Google giveth (including Google Death) and Google taketh away. This year, the company has sent a host of well-known and more obscure offerings to their demise. But don’t worry, the company still has dozens of new and old products in its portfolio. Here’s a look back at the ones killed off this year.
No Google end-of-life decision this year got as much attention as the company’s killing off of the Google Reader RSS reader in July. The offering, which had been around since 2005, had a devoted if shrinking following, some of whom took to the web with online petitions and pleas across social media and forums. Some Google Reader supporters blamed Google’s infatuation with Google+ on the decision. No shortage of alternatives emerged seeking to catch Google Reader users on the rebound.
In with a new Google Maps app for Android and eventually iOS devices, out with the Latitude location-sharing service, which isn’t part of the new maps app and was retired from older versions in August. Latitude debuted in 2009. Google is pushing users toward location-sharing services in G+ now.
The death of Google 20% Time, that perk of spending a fifth of your time at the company to work on side projects, could be great exaggerated. This isn’t one of those things that Google killed off in a public blog post. Plenty has been written this year about Google’s ditching the 20% Time Rule and innovation dying with it, but the consensus seems to be that Google had to put more structure around this given the company’s size and growth.
OK, this Vince Vaughn and Owen Wilson comedy set at Google did get “killed” by a lot of critics, but not all the reviews were bad.
This idea is still half-baked perhaps, but it’s been widely reported that Google is looking to nix cookies as its method for tracking web users on behalf of the advertisers that fuel the company’s revenue. Google is said to be working on an anonymous identifier to help advertisers get their content in front of the most appropriate consumers.
Google announced in March that this tool, for making 3D building models in Google Earth and Maps, would be retired on June 1. Users can still snag their 3D masterpieces from a warehouse and Google has alternative tools in Maps and Earth to soften this blow.
This plug-in was designed to help people work in the cloud by automatically saving Microsoft Office files from Windows PCs in Google Drive. But Google would rather have you install Drive on your Windows PC, or for that matter, on Macs, Android devices and iOS devices. Cloud Connect went “poof!” on April 30.
GOOGLE VOICE APP FOR BLACKBERRY
Kicking BlackBerry when it’s down? Google this year announced it was ending support for this app and has directed BlackBerry users who want to keep using Google Voice to use Google’s HTML5 app instead.
GOOGLE SYNC (Consumer version)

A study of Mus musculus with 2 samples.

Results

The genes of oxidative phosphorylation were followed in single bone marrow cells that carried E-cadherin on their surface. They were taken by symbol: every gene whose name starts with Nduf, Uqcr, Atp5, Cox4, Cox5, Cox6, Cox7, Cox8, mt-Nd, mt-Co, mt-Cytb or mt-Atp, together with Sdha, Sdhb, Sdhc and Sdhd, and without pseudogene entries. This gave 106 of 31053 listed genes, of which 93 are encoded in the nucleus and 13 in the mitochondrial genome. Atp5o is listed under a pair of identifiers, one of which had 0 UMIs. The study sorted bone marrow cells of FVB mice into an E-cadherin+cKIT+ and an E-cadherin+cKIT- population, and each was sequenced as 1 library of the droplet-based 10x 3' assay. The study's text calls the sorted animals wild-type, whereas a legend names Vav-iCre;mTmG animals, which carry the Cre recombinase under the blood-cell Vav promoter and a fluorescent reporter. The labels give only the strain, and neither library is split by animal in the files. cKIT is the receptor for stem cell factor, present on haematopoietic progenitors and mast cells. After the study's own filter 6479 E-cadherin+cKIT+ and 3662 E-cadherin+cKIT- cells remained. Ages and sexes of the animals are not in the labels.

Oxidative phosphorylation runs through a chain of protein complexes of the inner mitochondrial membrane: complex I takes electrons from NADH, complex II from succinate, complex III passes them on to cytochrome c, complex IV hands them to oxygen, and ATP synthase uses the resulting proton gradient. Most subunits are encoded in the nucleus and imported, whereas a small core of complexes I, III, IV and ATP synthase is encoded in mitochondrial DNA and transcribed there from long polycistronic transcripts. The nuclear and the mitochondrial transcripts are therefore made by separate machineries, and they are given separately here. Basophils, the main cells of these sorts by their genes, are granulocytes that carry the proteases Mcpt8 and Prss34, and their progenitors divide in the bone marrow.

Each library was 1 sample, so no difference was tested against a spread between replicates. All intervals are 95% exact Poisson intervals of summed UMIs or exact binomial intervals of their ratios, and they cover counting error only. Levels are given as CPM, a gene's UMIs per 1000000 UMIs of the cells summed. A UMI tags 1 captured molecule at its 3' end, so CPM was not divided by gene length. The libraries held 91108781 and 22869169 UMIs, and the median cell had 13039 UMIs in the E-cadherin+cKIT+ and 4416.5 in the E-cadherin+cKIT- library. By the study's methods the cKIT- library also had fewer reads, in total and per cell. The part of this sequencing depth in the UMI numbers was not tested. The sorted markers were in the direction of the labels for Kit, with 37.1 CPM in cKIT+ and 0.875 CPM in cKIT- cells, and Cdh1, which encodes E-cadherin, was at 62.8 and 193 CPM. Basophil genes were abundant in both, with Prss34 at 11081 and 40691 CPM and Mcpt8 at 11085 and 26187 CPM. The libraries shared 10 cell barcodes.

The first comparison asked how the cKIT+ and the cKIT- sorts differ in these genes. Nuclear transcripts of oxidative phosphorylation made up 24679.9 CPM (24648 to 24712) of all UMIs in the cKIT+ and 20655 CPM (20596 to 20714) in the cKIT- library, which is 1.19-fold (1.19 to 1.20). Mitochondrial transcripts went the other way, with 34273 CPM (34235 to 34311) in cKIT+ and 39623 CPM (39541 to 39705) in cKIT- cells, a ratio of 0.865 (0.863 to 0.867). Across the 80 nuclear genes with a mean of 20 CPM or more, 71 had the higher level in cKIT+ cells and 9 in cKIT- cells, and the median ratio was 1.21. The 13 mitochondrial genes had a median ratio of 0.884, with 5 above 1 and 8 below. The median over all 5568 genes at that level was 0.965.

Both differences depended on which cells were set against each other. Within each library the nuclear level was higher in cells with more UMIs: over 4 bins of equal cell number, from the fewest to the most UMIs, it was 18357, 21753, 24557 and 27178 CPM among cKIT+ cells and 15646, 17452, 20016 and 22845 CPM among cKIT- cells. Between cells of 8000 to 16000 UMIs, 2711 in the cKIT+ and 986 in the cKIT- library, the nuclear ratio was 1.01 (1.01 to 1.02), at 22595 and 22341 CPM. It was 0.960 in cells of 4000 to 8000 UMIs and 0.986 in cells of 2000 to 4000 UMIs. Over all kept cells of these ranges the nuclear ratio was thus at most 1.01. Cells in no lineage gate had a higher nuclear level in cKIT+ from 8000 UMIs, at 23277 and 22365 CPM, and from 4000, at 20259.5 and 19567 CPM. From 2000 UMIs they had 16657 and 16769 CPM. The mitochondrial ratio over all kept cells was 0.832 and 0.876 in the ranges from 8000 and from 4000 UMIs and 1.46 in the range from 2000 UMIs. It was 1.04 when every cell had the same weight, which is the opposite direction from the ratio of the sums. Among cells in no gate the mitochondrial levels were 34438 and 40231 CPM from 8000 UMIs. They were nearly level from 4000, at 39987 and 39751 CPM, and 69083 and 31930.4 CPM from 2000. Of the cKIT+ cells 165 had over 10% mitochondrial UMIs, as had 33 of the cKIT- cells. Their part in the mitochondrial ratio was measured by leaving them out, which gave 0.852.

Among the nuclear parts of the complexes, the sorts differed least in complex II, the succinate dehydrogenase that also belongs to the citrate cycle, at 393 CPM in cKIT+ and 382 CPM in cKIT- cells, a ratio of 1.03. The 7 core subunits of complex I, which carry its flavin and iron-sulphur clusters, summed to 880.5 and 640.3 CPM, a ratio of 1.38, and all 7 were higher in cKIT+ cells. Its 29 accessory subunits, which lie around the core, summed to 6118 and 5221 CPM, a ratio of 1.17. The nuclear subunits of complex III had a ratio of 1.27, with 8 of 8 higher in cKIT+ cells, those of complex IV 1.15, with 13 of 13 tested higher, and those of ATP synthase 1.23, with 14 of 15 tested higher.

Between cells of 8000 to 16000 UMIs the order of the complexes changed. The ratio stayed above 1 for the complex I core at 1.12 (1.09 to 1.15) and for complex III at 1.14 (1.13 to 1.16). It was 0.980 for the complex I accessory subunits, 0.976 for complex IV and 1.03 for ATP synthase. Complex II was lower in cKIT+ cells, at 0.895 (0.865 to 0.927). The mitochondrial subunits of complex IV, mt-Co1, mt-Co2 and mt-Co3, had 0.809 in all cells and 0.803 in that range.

This offering was designed to allow consumers access to Google Mail, Calendar and Contacts via the Microsoft Exchange ActiveSync protocol, but with Google’s release of technology called CardDAV, the company now offers similar access via IMAP, CalDAV and CardDAV. As for Jan. 30, users were no longer able to set up new devices using Google Sync, but existing Sync connections still will work. Google Sync only has one foot in the grave, however, as the business version remains alive and well.
Google’s Yelpish guide to businesses/restaurants debuted in July of 2012, having been rebranded from Google Places, which was introduced in 2011. But even a name change didn’t save this iOS app, which like others had its usefulness marginalized by enhancements to Google Maps. Google pulled the app from the App Store in August.
Google announced in July that it was putting the kibosh on its standalone Google Shopper apps for iOS and Android, and would instead steer users to employ Google Shopping and Google Search to find what they’re looking to buy.
Launched in 2011, Google Catalogs was billed as a greener way to shop -- via tablet computers rather than paper catalogs -- at retailers such as Nordstrom and L.L. Bean. But apparently this Android and iPad shopping app didn’t result in enough green for Google, because it discontinued the app in August. You can still get to the catalogs via a desktop browser though.
The personalized home-page portal, around since 2005, is slated to meet its end on Nov. 1, 2013. This isn’t a case of Google giving users short notice either, having announced the plan in July 2012: “With modern apps that run on platforms like Chrome and Android, the need for something like iGoogle has eroded over time, so we’ll be winding down iGoogle on November 1, 2013, giving you a full 16 months from the announcement to adjust or easily export your iGoogle data.”